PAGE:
Cypress Point Club
Cypress Point is consistently ranked as one of the top courses in the U.S. and the World by Golf Magazine's panel of experts.
Cypress Point starts by spreading its Mackenzian fingers through the dunes as if to grab a firm hold on dry land, so it can dangle its lower extremities into the Pacific with confidence. Because of the intensely private nature of the club and the overwhelming famousness of its photogenic finish, the first 14 holes are virtually unknown to the golfing public, which is a shame, because they, too, are gorgeous. Eight and nine, two sometimes-drivable par fours, might be considered too short and quirky by today's standards, but only by those who don't have fun playing golf.
We played to the 14th green, all of us entranced by our surroundings, which included deer so secure it seemed as if they had been darted with Prozac. I was utterly spellbound by the sight of the 15th. I'd seen so many photographs, but Ansel Adams couldn't have prepared me for a vision so blissful. Verily, I was gobsmacked.
The Pacific boiled on the rocks and tore at the kelp below, an otter lolled on his back in the shallows, a peregrine falcon hovered overhead, and the smell of the brine filled my nostrils. I sullied the moment by hitting a morbidly obese 7-iron, but it didn't matter. The 16th was even better.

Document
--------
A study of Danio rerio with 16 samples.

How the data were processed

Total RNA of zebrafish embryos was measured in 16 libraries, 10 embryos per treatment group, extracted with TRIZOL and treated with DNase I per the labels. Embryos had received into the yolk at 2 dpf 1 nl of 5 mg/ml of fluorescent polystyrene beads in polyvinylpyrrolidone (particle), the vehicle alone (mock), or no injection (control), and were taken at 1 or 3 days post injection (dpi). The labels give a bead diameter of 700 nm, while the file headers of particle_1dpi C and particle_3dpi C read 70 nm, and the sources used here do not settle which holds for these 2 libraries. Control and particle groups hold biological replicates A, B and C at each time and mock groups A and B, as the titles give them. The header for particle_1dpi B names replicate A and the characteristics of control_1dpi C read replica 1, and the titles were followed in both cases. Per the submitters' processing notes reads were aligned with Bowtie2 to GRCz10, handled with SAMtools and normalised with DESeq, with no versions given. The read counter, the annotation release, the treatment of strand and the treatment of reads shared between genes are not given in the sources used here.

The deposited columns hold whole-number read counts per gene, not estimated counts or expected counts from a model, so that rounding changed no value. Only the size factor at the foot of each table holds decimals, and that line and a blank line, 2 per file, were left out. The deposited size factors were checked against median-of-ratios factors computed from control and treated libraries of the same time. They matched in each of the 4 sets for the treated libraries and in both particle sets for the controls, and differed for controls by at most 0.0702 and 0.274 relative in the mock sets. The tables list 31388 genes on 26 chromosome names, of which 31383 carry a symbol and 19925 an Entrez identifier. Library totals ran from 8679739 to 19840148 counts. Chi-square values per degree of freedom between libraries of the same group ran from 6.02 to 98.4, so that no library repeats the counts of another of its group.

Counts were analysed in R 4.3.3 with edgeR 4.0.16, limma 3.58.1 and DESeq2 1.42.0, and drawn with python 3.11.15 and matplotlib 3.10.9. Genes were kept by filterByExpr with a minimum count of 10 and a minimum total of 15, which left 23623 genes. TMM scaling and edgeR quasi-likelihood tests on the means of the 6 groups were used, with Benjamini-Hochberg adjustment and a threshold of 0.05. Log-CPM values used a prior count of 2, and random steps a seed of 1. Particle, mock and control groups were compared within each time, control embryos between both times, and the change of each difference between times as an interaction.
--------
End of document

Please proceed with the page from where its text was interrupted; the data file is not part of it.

This place is special, it must be, because it made me feel like playing golf again. Playing Cypress Point made me feel like a lucky, lucky man, and it is my favorite golf course. - David Feherty, Golf Magazine
-- Cypress is also one of the most exclusive clubs in the world. Bob Hope once memorably summed up the club this way: "One year they had a big membership drive at Cypress. They drove out 40 members." Hope was himself a member for more than 40 years, but he didn't recall playing more than a half-dozen times outside of the "Crosby Clambake." He still paid, however. At the end of every year Cypress Point divides its total operating costs evenly among the members. They pay even if they never set foot on the property that year.
"Lots of people rightfully say that Cypress Point is one of the best golf courses in the world, but for me, its extra special because it's the place where I played my first PGA Tour round. In 1987, in the AT&T Pebble Beach National Pro-Am, I got played with baseball Hall of Famer Willie Mays. We started on No. 10 Thursday and when we reach the famous par-3 16th I was two under par. I had been told to watch the ocean because the ball will carry farther when the water is crashing against the rocks. I closed my eyes, hit a 3-wood that flew to the back of the green and somehow made par. Of course, Mays jinxed me by saying that everyone he'd played with went on to a star; I missed the cut."